The National Landlords Association has rejected a central plank of London mayor Sadiq Khan’s plan for housing - the introduction of yet more private rental sector licensing.
In a report submitted in response to the official consultation on Khan’s housing policies, the NLA has criticised licensing as a means to tackle rogue landlords.
“We agree with the mayor that robust enforcement action against rogue landlords is vital. Unfortunately to date local authorities have been failing. The data shows that even with selective licensing, proper enforcement action does not always follow” says the association.
The NLA says good landlords, and by extension their tenants, are being made subject to a stealth tax because of the costs of licensing. This is far from the “better deal for renters” promised in the mayor’s manifesto during the campaign earlier this year.
“It is disappointing that the only suggestion the mayor has for tackling the minority of rogue landlords in the consultation is to encourage the spread of selective licensing across the city” says the association’s formal response.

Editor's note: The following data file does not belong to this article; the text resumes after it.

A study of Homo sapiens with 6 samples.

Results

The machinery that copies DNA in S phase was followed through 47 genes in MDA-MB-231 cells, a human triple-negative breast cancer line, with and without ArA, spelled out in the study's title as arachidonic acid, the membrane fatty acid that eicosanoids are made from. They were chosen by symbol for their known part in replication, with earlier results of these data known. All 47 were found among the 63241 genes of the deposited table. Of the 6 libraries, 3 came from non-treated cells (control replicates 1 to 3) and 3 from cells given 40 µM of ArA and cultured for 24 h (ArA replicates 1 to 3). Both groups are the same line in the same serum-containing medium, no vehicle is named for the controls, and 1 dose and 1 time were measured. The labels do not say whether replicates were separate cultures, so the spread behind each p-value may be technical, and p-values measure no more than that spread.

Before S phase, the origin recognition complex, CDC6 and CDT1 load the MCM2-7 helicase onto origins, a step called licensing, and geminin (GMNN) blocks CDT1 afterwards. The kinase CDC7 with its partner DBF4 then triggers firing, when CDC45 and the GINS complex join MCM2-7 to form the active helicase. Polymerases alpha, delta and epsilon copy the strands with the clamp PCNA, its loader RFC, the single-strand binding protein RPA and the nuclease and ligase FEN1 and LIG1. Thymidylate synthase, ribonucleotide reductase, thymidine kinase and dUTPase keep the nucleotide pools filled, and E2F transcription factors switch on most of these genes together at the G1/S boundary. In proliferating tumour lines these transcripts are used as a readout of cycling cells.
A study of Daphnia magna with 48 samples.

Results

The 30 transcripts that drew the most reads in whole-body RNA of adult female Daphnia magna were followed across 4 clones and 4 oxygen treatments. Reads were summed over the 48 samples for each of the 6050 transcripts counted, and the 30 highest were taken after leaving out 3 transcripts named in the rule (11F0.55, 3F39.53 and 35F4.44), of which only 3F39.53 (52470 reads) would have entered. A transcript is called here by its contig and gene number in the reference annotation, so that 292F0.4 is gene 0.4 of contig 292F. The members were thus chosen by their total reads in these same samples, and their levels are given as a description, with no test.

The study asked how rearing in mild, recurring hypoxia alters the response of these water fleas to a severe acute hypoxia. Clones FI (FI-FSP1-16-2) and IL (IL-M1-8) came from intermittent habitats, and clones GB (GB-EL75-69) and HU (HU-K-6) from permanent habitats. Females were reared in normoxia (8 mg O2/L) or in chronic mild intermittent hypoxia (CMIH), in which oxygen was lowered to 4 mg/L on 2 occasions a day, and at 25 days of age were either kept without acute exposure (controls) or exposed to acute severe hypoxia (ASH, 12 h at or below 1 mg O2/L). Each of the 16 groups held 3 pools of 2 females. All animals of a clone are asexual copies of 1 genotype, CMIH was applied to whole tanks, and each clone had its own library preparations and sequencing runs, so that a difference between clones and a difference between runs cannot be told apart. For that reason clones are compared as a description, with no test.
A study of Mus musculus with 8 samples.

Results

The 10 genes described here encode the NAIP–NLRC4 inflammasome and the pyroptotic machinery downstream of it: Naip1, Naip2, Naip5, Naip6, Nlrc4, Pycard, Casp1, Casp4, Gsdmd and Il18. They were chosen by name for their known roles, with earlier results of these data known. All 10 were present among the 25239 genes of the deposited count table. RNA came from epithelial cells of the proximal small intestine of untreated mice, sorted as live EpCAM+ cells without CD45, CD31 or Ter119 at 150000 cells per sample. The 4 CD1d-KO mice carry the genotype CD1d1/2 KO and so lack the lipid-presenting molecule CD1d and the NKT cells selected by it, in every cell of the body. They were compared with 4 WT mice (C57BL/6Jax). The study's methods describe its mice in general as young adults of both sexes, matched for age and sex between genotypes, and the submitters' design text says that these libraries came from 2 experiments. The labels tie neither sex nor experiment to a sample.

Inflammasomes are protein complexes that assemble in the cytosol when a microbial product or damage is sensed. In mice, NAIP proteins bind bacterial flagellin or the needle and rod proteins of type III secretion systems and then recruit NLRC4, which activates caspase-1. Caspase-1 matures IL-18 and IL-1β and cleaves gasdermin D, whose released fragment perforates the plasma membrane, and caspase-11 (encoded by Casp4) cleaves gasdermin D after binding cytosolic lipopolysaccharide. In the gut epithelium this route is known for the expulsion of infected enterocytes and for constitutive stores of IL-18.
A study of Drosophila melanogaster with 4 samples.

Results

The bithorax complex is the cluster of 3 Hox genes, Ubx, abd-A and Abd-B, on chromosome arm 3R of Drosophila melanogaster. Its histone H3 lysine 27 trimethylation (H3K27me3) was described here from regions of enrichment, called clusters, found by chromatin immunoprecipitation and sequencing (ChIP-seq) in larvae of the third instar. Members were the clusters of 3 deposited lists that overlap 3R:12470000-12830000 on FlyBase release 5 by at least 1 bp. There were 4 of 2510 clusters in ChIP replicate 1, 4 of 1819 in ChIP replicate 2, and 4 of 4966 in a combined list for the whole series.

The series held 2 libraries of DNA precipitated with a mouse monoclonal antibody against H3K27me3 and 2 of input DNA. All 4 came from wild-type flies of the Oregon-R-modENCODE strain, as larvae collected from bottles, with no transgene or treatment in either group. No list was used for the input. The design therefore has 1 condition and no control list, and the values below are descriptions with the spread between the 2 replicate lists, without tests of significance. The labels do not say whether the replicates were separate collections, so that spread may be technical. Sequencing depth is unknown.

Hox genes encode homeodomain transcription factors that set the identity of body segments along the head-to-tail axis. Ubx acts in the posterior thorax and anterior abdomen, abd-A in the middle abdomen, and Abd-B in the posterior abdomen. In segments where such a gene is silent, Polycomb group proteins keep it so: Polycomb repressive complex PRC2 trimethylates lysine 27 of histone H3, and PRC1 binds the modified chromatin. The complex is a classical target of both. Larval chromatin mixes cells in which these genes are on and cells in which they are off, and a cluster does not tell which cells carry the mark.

The NLA does not believe that licensing is the panacea for London’s private rental sector and insists that a London-wide licensing regime, which the mayor views as the ultimate goal, would be financially damaging to the millions of private tenants he is seeking to protect.
“We believe that the mayor should play a more proactive, forward-looking role. By providing direct funding to local housing authorities in London, which includes closer co-operation between the Greater London Authority and local [borough] authorities, proper enforcement of regulations using existing powers could tackle sub-standard properties without unnecessarily taxing good landlords and their tenants” claims the body.